What to Know
- Under court order, the Trump administration is scrambling to reunite migrant families separated at the U.S.-Mexico border.
- Scores of children separated from their families were sent to government-contracted shelters or foster care hundreds of miles away.
- The administration missed the 1st of two court-ordered deadlines this week, failing to reunite all families with children under 5.
Immigrant parents who reveled after joyful reunions with their young children spoke Wednesday of the traumatic impact of being separated from their sons and daughters for months after they were taken from them at the U.S. border.
The administration has been scrambling to reunify the families this week to meet the first of two deadlines set by a federal judge in San Diego who ordered thousands of children be given back to their immigrant parents. Scores of children separated from their families were sent to government-contracted shelters or foster care hundreds of miles away from where their parents were detained.
Roger Ardino, from Honduras, was happy to be back with his 4-year-old son, Roger Jr., who sat on his lap and played with the microphones as the father spoke to reporters. The father said he was still shaken by the ordeal he had to go through just to speak to his boy while he was in government custody. The two were separated in February.
He spoke Wednesday at Annunciation House, an El Paso, Texas-based shelter, along with another father recently reunited with his child. They arrived there Tuesday.
"I was completely traumatized," the father said in Spanish. He added later: "Every time I spoke to him, he would start crying. Where are the rights of children? I thought children were supposed to be a priority here in the United States."
The father said he planned to live with relatives in the United States as his asylum case is processed, which could take years.
It wasn't immediately clear how many children remain in detention facilities.
Late last month, U.S. District Judge Dana Sabraw in San Diego set a 14-day deadline to reunite children under 5 with their parents and a 30-day deadline for older children. He asked the government to return to court Friday to give an update on how many families had been reunited.
In trying to meet the first deadline, the government began with a list of 102 children potentially eligible to be reunited and whittled that to 75 through screening that included DNA testing done by swabbing the inside of the cheek.
Of those 75, Justice Department attorneys told the court the government would guarantee 38 would be back with their parents by the end of Tuesday. They said an additional 17 could also join their parents if DNA results arrived and a criminal background check on a parent was completed. It was not known Wednesday whether that happened.
Government attorneys told Sabraw that the Trump administration would not meet the deadline for 20 other children under 5 because it needed more time to track down parents who have already been deported or released into the U.S.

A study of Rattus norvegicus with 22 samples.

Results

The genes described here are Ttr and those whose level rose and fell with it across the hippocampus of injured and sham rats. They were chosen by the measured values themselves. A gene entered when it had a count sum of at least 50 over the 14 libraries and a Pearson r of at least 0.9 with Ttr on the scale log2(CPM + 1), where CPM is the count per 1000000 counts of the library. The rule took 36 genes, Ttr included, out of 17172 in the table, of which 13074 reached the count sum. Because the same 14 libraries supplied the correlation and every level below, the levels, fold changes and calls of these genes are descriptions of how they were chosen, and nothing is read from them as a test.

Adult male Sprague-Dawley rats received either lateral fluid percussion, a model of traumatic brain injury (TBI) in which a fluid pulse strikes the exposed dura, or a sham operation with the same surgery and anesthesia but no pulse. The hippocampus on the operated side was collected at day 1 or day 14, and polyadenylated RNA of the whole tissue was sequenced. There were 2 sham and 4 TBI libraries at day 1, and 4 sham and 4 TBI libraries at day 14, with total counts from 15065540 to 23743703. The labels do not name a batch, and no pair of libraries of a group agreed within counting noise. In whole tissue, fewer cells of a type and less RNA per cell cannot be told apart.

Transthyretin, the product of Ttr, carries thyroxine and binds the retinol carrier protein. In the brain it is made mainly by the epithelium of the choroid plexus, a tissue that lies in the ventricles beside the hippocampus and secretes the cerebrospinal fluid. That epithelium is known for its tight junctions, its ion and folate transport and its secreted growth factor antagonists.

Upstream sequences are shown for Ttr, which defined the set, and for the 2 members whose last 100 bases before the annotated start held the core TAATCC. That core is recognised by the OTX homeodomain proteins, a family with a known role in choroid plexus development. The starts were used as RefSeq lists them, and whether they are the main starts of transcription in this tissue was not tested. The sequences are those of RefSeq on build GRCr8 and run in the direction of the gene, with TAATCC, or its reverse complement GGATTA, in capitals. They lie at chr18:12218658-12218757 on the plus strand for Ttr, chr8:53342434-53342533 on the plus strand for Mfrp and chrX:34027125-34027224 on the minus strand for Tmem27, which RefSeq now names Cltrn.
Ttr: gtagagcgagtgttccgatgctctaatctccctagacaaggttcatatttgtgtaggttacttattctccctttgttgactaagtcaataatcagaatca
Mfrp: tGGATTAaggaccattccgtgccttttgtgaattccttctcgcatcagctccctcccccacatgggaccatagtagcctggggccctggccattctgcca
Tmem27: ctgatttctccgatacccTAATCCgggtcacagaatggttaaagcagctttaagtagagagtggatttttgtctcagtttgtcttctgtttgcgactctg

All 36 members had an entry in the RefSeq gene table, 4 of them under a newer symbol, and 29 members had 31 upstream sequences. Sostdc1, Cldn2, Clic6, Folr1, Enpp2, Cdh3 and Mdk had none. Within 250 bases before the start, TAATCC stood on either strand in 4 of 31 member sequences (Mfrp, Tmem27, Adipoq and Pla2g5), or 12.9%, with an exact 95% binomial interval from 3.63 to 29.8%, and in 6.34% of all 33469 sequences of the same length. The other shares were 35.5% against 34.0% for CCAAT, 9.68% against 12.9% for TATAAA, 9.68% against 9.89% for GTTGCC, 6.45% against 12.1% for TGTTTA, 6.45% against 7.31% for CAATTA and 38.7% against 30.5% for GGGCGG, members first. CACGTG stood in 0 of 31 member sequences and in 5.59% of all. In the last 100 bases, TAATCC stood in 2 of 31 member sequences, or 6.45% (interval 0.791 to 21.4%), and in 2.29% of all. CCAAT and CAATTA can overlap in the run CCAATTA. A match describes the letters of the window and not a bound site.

Sabraw indicated more time would be allowed only in specific cases where the government showed good reasons for a delay.
An administration official told NBC News they anticipate all children under the age of five who are eligible under the court order for reunification with their parents in the U.S. would be reunited by the early morning Thursday.
The administration defended its screening, saying it discovered parents with serious criminal histories, five adults whose DNA tests showed they were not parents of the children they claimed to have, and one case of credible child abuse.
The administration faces a second, bigger deadline — July 26 — to reunite more than 2,000 older children with their families. Immigration attorneys say they already are seeing barriers to those reunifications from a backlog in the processing of fingerprinting of parents to families unable to afford the airfare to fly the child to them — which could run as high as $1,000.
Kay Bellor, vice president for programs at Lutheran Immigration and Refugee Service, which provides foster care to migrant children, said she witnessed the reunion Wednesday of a 3-year-old and his father in the Washington, D.C., area. The boy seemed bright and alert, asking his father about wanting to go to school and seeing his mother.
"To me, the overwhelming feeling was this is right that they're being reunited, but this was so wrong from the very beginning, and it didn't have to happen this way," Bellor said. "They should never have been separated in the first place."
In New York, Javier Garrido Martinez spoke through tears Wednesday as he held his 4-year-old son, who fed a Dorito to his father as he sat on his lap.
The Honduran father and son had been apart for 55 days.
Garrido Martinez said they were "the worst days" of his life.
Associated Press writers Deepti Hajela, Roxana Hegeman and Ricardo Alonso-Zaldivar contributed to this report.